Health Right Shows How to Do Needle Exchange
Unlike KCHD, non-profit health provider runs a smooth program
While the downtown Kanawha-Charleston Health Department’s needle-exchange program shows signs of a mismanaged government program run amok, a nonprofit, privately run East End health care provider has become a shining example of how services can be provided to the indigent and drug-addicted community without creating a public nuisance.
West Virginia Health Right, a free and charitable health care clinic located at 1520 Washington St. East, has quietly and effectively offered “harm reduction services – as needle-exchange programs are called – since 2011. That’s four years longer than the KCHD’s program.
Charleston Mayor Danny Jones, Police Chief Steve Cooper, and the firefighters union have been highly critical of the Health Department program. They say it brings criminals from out of the area into downtown, making the crime, drug and criminal vagrancy problems worse.
Because of the additional crime, danger to emergency responders and needle litter across the city, Mayor Jones asked City Council to recriminalize possession of needles and end the health department’s program. But after heated debate, Council voted instead to delay action until May 21.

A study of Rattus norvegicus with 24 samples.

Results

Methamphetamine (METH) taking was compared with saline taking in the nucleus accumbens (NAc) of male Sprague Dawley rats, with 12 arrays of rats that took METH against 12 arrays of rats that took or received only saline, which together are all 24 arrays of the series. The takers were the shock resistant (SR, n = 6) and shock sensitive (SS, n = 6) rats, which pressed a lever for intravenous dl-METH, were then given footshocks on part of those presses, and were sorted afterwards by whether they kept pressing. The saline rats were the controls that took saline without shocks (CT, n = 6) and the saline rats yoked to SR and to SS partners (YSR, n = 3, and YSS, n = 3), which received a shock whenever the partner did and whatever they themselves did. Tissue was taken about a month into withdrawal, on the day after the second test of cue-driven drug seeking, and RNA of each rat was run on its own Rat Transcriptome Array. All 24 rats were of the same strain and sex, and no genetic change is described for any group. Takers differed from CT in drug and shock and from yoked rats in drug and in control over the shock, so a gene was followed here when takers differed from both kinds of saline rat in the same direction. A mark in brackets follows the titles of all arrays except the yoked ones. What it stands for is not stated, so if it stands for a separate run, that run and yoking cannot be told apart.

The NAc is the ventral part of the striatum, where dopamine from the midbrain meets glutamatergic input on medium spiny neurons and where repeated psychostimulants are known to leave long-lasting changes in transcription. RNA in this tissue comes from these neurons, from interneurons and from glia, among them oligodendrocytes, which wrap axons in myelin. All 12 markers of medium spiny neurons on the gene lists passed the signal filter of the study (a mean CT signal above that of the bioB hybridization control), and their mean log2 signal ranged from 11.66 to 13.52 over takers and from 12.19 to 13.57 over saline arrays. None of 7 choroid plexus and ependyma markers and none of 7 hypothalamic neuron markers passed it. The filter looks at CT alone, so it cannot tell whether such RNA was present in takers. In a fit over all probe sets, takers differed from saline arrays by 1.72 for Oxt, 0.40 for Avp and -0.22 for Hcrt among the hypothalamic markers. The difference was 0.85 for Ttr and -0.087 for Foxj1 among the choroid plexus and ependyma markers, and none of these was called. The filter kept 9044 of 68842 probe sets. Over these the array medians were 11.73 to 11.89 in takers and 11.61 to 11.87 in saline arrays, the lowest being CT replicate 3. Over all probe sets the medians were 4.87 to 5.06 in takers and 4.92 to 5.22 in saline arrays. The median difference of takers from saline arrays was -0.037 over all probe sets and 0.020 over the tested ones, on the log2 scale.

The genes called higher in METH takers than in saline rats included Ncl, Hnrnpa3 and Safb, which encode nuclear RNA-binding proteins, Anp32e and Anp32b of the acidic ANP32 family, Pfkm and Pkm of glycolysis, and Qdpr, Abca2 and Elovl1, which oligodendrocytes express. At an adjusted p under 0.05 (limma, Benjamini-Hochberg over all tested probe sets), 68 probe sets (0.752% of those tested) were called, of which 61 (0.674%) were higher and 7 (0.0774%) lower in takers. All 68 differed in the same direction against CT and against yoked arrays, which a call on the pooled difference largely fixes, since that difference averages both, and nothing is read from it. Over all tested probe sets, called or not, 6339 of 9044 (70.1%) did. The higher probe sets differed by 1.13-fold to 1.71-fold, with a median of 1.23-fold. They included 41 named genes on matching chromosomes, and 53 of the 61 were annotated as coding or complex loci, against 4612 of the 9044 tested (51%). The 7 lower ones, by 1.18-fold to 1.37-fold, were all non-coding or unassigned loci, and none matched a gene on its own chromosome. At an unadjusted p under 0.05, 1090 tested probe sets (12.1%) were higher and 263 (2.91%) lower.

Later, Cooper presented seven rules to the Kanawha-Charleston Health Department to follow in implementing its needle-exchange program, as the legislation creating the program allowed him to do. But the health department claimed the rules were too burdensome and suspended its program.
The rules promulgated by the police chief are reportedly based on procedures already in place at Health Right.
According to Health Right CEO Angie Settle, Health Right expels patients who don’t return 100 percent of their needles.